Review - Cyclops #1

Had a chance to take a gander at Archia’s latest import (translation) from France and Belgium- Cyclops #1. And- I’ve gotta say- I’m sort of pleasantly surprised.

I think (at the risk of offending the writer Matz and illustrator Luc Jacamon) Cyclops is very ‘missable’, just at a glance. Featuring a Halo-like war-time future, the basic premise of the comic is this: advanced technology allows soldiers in the field to broadcast video data to command and control personnel, as well as to major news networks across the world. Hence the name: Cyclops. The camera is the ‘eye’.

Okay. So that’s the gimmick, I suppose.

What strikes me about the comic is the really sophisticated sensibility of the story, however. Granted, the dialogue is a little ‘clunky’ (it’s a translation), but what I see coming together is a complex and cautionary tale about the nature of war. Most notably? What happens when the human race gets TOO GOOD at it. We use to be afraid that Russia and the United States would let loose with nuclear missles at obliterate the entire world.

And now? War is precise. Contained. Something you can watch happen, at home, on television. There’s a whole industry around it- from private ‘security’ firms to media journalists who win pulitzers for traveling in wartime areas… It’s sort of like war doesn’t have to destroy society anymore. War can just sort of happen. People get killed and lines change, but never so much that most people living outside of a disputed area have to do much but sit around in their homes and talk about their feelings about what’s happening on TV. It’s scary stuff. And this seemingly futuristic comic book hits disturbingly close to home, complete with open debate among United Nations members about openly legalizing and sanctioning the actions of privatized military forces (mercenaries).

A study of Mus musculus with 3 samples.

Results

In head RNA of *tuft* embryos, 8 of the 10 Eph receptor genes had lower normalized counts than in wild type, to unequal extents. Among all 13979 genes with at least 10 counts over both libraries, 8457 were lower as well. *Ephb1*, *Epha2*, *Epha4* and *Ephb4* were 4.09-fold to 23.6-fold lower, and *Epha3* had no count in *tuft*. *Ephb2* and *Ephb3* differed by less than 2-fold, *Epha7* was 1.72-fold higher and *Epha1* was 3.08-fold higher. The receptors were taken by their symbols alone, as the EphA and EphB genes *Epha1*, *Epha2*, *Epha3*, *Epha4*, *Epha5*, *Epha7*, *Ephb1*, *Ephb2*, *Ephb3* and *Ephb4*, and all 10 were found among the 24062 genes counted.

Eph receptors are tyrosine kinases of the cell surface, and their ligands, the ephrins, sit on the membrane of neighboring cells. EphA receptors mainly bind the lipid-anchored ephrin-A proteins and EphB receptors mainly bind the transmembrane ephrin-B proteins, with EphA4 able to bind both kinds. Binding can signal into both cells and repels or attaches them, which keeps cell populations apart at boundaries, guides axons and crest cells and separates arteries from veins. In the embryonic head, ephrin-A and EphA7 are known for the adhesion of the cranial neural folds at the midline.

I’m a fan of the book’s pacing, as well. If you’re into the whole high-octane, guns-blazing action-drama of most superhero comics (and I know you are. Admit it), you’re likely to find this book painfully slow. But I think it’s the gritty realism that’s supposed to kind of stick with you while you read it. Watching someone get shot should be a disturbing experience. Hell, LEARNING to SHOOT someone should be a disturbing experience. I think Matz really wants you to THINK about the action, not just take in over-the-top eye candy.

Thumbs up on the art by Jacamon, too. I’m afraid my attempts to describe it would probably offend most trained artists, since I couldn’t tell you what school or style it emulates. But it’s got this dreamy, Aeon Flux thing kind of going on I think. And the conceptual design of the architecture of the world the characters live in is REALLY impressive- like the kind of thing you’d see in storyboards for Hollywood films or something.

If you’re looking for something different, a little more thought provoking, you might be surprised with this book. Recommended. Interiors below.